Photo: AFP                         Jordan’s King Abdullah II (R) meets with Palestinian president Mahmud Abbas


Will Palestine unite with Jordan to separate from Israel?

On March 31, during a visit of the head of the administration of the Palestinian autonomy Mahmoud Abbas to Jordan, Mr. Abbas and Jordan’s King Abdullah II signed an agreement that allows the King to oversee Jerusalem’s Muslim historic sites. Now, His Majesty will defend the interests of Jerusalem Muslims if they are infringed by Jews.

According to this agreement, from now on, Israel will have to coordinate with Palestine the issues of security at the Temple Mount (a place in Jerusalem where the city’s two main mosques are located), the access of Muslims to these mosques and archeological work at the sites.

Many experts hope that this agreement may get the development of Israeli-Palestinian relations out of a deadlock.

However, if the meeting between King Abdullah and Mahmoud Abbas would have been limited to discussing only this issue, important as it may be, the US State Secretary John Kerry would have hardly went to Jordan to meet with the King one week before His Majesty’s meeting with the Palestinian leader. The matter is that besides the status of mosques in Jerusalem, Abdullah II and Mahmoud Abbas discussed another issue – the possibility of creating a confederation of Jordan and the Palestinian autonomy (or, more exactly, not the entire Palestinian autonomy, but only the West Bank of River Jordan, without Gaza). The empowerment of Jordan’s King with the status of a supervisor of Jerusalem mosques was, in fact, the first step of this plan.

It should be noted that in late December, Israel’s Prime Minister Benjamin Netanyahu also visited Jordan and also discussed this issue with King Abdullah.

In fact, the idea of a confederation of Jordan and Palestine is not new. But after Palestine received the status of an observer state in the UN in November 2012, this idea is now being discussed more actively.

The President of the Russian Institute of the Middle East Evgeny Satanovsky says:

“Israel will most likely agree to the formation of a confederation between Palestine and Jordan – at least, as long as Jordan is ruled by the current Hashemite dynasty. However, many Palestinians don’t like this dynasty. In September 1970, ethnic Palestinians in Jordan made an attempt to oust Hussein, the father of the current King Abdullah II, but failed to do so. After that, Hussein started large-scale repressions against Palestinians in his country. Several thousand of them were killed and several thousand fled from Jordan. Taking this into account, it can be doubted whether Hussein’s son Abdullah II may want a confederation with Palestine.”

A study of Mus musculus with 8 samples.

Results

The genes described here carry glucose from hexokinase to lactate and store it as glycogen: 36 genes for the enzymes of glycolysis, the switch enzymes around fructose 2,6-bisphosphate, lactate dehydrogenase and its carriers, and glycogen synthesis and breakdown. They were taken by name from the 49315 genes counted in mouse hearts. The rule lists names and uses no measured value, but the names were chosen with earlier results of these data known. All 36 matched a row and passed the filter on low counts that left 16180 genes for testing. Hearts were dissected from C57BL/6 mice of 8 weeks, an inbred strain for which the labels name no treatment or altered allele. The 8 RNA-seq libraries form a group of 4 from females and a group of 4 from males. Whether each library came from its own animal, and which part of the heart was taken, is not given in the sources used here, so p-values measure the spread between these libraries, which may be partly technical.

As it is known, the main “apple of discord” between Israel and the Palestinian autonomy is that neither of them is inclined to recognize the other as a separate state. If each of the sides recognizes the other as a sovereign state, on the same level as its own, this would most probably considerably speed up the solution of the Palestinian-Israeli conflict.

Jordan does recognize the sovereignty of Israel. If Palestine forms a confederation with Jordan, it probably would follow the example of Jordan and recognize Israel’s sovereignty too. The US would have welcomed this – and this is why the US is ready to be a mediator in talks between Jordan and Palestine over the formation of such a confederation.

Anatoly Egorov from the Russian Institute of Oriental Studies says:

“The idea of a Jordanian-Palestinian confederation was expressed when Yasser Arafat was still alive. The US has always backed this idea. I also believe that such a confederation would help to push the solution of the Palestinian-Israeli conflict out of a deadlock.”

Some analysts are suggesting that as a first step to this solution, Israel and Palestine should probably conclude a temporary agreement about recognizing each other’s sovereignty, without specifying where the border between the two states should lie. This question, as well as those of the status of Palestinian refugees in Israel and of Jewish settlements on the Palestinian territory, should be solved a bit later, the analysts suggest.

Here is Evegeny Satanovsky again:

“The fact that Israel has agreed to hand the control over the Temple Mount to Jordan is inspiring. It means that Israel is ready to make certain concessions to Palestinians. I find this to be a good starting step towards the solution of the long-standing Palestinian-Israeli conflict.”

Both Mr. Satanovsky and Mr. Egorov note that Russia’s authorities would also welcome a confederation between Jordan and Palestine. Russia’s President Vladimir Putin has good relations both with Jordan’s King Abdullah II and the Palestinian leader Mahmoud Abbas.

Besides, Mr. Satanovsky is probably too pessimistic in his supposition that King Abdullah II may not want a confederation with Palestine. A recent report from Jordan’s capital Amman says that His Majesty has made several supporters of the idea of such a confederation his advisers.

In fact, the West Bank was controlled by Jordan before 1967. Why cannot Jordan regain control over it now?

The concern that Palestinians may not want a union with Jordan is probably also exaggerated. Arabian journalist Daoud Kuttab, who lives in the US, quoted a phrase which he once heard from one rather radically-minded Palestinian: “Palestinians badly want freedom – be it only five minutes of freedom. If a confederation with Jordan is needed for that, Palestinians would accept such a confederation.”